Fred Hoeppner
Fred Hoeppner's column, Along the Waterfront, is published regularly by the Journal of the San Juan Islands.
— image credit: File photo

Our editor put a shot across my bow saying that there would be some great sailing activity up at Roche on Saturday, 26 March. I think he wanted me to get underway. 

I just about had to "ALL BACK FULL" when I came down the hill to the launching ramp. 

The entire parking lot was full and the beach front was covered with boats and people. Luckily I spotted Scott Boye, co-chairman with Burke Thomas from Orcas for this event and asked him to explain what was going on. 

“It’s the Island Cup”, he said, and after a few more words had to turn to face about a dozen sailors and coaches pinging on him with questions.

Fortunately, Susan Risser was standing nearby, and seeing my confusion offered to fill me in. Wonderful, I knew I was in good hands then as she and her husband Peter have fostered youth sailing programs to create an interest in sailing among high school aged boys and girls ever since they moved here over 30 years ago and started business as a sail loft.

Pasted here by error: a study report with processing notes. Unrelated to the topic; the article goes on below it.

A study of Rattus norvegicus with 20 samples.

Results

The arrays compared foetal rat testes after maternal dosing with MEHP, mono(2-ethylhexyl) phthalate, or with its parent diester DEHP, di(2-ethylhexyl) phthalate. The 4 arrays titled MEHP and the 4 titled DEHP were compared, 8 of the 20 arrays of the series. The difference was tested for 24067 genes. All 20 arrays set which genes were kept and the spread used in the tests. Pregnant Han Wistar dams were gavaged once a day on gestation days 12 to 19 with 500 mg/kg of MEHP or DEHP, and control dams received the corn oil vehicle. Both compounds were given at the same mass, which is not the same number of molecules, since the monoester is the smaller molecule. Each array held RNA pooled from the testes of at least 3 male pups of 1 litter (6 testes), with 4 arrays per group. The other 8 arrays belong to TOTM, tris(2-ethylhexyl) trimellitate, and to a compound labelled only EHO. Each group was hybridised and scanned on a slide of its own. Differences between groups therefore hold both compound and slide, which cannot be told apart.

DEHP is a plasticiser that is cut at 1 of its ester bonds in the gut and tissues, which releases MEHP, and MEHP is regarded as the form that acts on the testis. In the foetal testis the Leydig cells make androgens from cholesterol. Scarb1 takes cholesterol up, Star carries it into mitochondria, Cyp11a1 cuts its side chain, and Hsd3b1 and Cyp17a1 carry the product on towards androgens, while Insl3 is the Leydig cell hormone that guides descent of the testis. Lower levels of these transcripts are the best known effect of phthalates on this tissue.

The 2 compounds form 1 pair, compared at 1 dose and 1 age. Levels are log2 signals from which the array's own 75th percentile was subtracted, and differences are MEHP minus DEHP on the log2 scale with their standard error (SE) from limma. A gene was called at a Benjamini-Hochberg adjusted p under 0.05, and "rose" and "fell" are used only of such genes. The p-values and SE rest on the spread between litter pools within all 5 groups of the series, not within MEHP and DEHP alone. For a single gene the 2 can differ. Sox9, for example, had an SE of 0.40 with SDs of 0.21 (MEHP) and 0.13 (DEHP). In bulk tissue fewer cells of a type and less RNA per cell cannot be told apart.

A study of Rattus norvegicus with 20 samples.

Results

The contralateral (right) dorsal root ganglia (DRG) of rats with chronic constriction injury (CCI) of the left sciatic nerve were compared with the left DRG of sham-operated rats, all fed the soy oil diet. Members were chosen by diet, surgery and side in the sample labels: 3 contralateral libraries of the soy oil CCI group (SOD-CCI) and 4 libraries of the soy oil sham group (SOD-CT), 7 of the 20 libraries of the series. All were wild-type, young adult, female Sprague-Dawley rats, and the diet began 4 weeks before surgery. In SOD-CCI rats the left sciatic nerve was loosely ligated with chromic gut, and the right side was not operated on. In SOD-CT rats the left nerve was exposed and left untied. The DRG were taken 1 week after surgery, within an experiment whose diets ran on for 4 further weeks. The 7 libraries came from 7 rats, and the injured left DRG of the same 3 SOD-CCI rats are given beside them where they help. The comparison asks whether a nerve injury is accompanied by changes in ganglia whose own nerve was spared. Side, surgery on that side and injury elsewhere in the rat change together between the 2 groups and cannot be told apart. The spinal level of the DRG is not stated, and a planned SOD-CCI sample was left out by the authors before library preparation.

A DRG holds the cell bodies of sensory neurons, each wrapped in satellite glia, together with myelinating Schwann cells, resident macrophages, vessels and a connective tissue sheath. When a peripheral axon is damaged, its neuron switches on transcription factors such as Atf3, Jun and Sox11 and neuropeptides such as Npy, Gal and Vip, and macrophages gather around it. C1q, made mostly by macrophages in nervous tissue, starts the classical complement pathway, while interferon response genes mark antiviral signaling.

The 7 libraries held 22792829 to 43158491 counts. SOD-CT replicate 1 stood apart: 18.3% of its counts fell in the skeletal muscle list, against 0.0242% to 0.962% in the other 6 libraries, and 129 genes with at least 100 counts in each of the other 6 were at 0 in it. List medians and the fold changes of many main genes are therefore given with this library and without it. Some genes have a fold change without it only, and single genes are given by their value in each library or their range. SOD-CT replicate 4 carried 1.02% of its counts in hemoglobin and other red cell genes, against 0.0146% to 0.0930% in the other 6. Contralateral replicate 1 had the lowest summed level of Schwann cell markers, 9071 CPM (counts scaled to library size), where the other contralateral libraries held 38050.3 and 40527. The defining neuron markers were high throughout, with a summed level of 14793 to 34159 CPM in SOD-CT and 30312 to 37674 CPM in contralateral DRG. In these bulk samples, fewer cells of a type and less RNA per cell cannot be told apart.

Standing next to Susan was Abbie Finney, president of the San Juan Sailing Foundation, which is the parent organization for our local club, the Friday Harbor High School Sailing Team. The team has about 13 members, nine 15-foot high tech Vanguard sloops and a number of smaller Laser single-handed sailing craft. 

Coach Dez Bridgmon conducts three practices a week in seamanship, racing tactics and on-the-water training. The foundation is financially supported by parents, fund raisers, local marine merchants, the Friday Harbor Sailing Club, San Juan Island Yacht Club and private downers. The Friday Harbor High School Sailing Team along with 11 similar clubs from Olympia to Bellingham and Portland are members of the Interscholastic Sailing Association (the national authority of high school sailing).

The Island Cup race is very important in that it's a proving ground for competitors to demonstrate their skills in anticipation of the Northwest District Double-Handed Championship, the winner of which will then go on to the National Championship. Scott Boye reported that 13 races were sailed in Roche Harbor in 5 to 20 knot shifty wind conditions on Saturday and seven races on Sunday under similar conditions. Twenty-seven boats raced and only a few capsized. Now that is good seamanship. 

Paul LeBaron did a magnificent job handling the shore side logistics, berthing 140 sailors and 22 coaches in the high school gym, and serving hamburgers Saturday on the waterside and lasagna that night, breakfast Sunday morning and a sandwich bar that afternoon.c

Congratulations go to the Orcas club for winning first place with North Kitsap second, Port Townsend third, and Friday Harbor sixth.